AUGUSTA, Maine — The owner of the Augusta construction company that faces fines of more than $9,000 stemming from alleged workplace violations involved in the death of a worker on a job site last May says he won’t pay the fines and that the government is “the biggest bully there is.”
Linwood Stover, owner of Kennebec Home Improvements, when reached on his phone by the Bangor Daily News, said he has no intention of paying the $9,240 in fines that the Occupational Safety and Health Administration levied on Aug. 9. He claimed all the violations OSHA cited were wrong.
“I’m not going to pay them,” said Stover, who is 55 years old and has worked in construction since he was 19. “Absolutely not. They were wrong again there.”
The recent violations in question stem from a May 15 accident at a job site in Albion. Stover and two independent contractors were renovating a camp when, according to OSHA, they jacked the structure off its foundation and onto blocks, after which one of the workers, 52-year-old Bobbie Rodriques, crawled under the building to do some work. Something “apparently shifted” and the building collapsed, killing Rodriques, according to a statement at the time by Stephen McCausland, spokesman for the Maine Department of Public Safety.
Stover, who also was injured in the incident, called the experience “traumatic” and claimed it was an accident. “Someone got killed on my job,” he said. “He was a friend. He was there for one day. He needed the money and I gave him a job.”
After an inspection, OSHA cited Stover for three “serious violations,” each of which carries a $3,080 fine. Two of those violations involved jacking the camp off its foundation and onto blocks in an unsafe manner, while the third had to do with the failure to have someone in charge of inspecting the worksite and failing to instruct employees “in the avoidance and recognition of hazards while working under a raised structure.” However, Stover claims he wasn’t jacking the camp off its foundation at all.
“We weren’t doing anything they said we were doing. Nothing was up on stilts or on our blocks. Everything was on existing posts they had under the camp,” he said, adding that Rodriques was trying to take a sag out of the middle of the floor.
It turns out this is not the first time Stover has butted heads with OSHA.
In 2010, according to public records, OSHA levied a $6,750 fine on Kennebec Home Improvements for five “serious” workplace violations on another job site for issues involving wiring design, ladders, woodworking tools, and general requirements. Those fines were never paid, according to OSHA spokesman Andre Bowser, who said the issue has been referred to the Washington office, which handles debt collection.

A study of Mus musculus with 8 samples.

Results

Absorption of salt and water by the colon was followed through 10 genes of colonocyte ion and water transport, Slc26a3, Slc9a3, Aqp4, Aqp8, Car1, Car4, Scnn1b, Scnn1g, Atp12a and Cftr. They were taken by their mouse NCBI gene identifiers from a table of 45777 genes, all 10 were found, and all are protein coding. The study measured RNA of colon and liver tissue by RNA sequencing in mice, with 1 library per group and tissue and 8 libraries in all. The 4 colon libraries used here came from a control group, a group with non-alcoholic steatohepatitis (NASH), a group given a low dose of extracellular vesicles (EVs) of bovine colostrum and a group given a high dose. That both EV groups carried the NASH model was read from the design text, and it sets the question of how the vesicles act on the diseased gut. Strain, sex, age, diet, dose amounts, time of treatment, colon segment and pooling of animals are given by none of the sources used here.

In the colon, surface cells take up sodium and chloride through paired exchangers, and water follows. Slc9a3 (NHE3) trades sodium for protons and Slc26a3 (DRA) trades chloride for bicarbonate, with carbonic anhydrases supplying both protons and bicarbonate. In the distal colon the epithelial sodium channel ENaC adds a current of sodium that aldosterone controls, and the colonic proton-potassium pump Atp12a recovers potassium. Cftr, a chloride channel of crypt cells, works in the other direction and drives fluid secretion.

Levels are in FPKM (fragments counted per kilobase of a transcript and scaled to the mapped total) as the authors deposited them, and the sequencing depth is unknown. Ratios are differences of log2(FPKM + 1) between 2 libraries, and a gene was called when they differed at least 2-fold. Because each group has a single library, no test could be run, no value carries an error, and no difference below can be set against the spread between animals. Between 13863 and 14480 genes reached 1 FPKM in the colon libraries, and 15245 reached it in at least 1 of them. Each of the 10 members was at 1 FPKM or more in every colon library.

Stover admits to never having paid the 2010 fines, and claims he never will. Again, he said the OSHA inspectors got it wrong.
In 2010, before Stover began working on that job, he said he contacted OSHA to ask about what he needed to do to create a safe worksite and not run afoul of regulations. According to Stover, he was sent a book published in 2002, “and Mr. OSHA can’t sit there and tell me no laws have changed since 2002.”
In addition, the book proved no help because of its complexity, he said. “You couldn’t read that book if you were a scientist!”
When OSHA inspectors showed up, Stover said they started “picking on” him and found “little things” to cite him for. He believes in safety, he said, but doesn’t believe it’s OSHA’s priority. “They are not concerned about safety,” he said. “They’re concerned about their wallet.”
Regarding the most recent violations, Stover has until Aug. 31 to respond, according to Bill Coffin, director of OSHA operations in Maine. “Any company when they receive citations with or without penalties from OSHA have the option of doing nothing — and nothing becomes a final order after 15 working days … or within the same 15 working days they can schedule an informal conference,” Coffin said.
At an informal conference, the company representative has the ability to learn more about the violations and present evidence for why the citations were wrong. Coffin even has the power to adjust penalties at the meeting. But given Kennebec Home Improvements’ history, Coffin doesn’t have as much flexibility as he normally would. “I would not be able to adjust penalties on new fines if old fines have not been paid,” he said.
Stover did nothing during the process in 2010, which caused the order to become final after 15 working days. About the recent violations, Stover said grudgingly that he likely would appeal, though he doesn’t have much hope it will get him anywhere.
“Their system is way broken,” he said. “They need to fix their system before they try to fix mine.”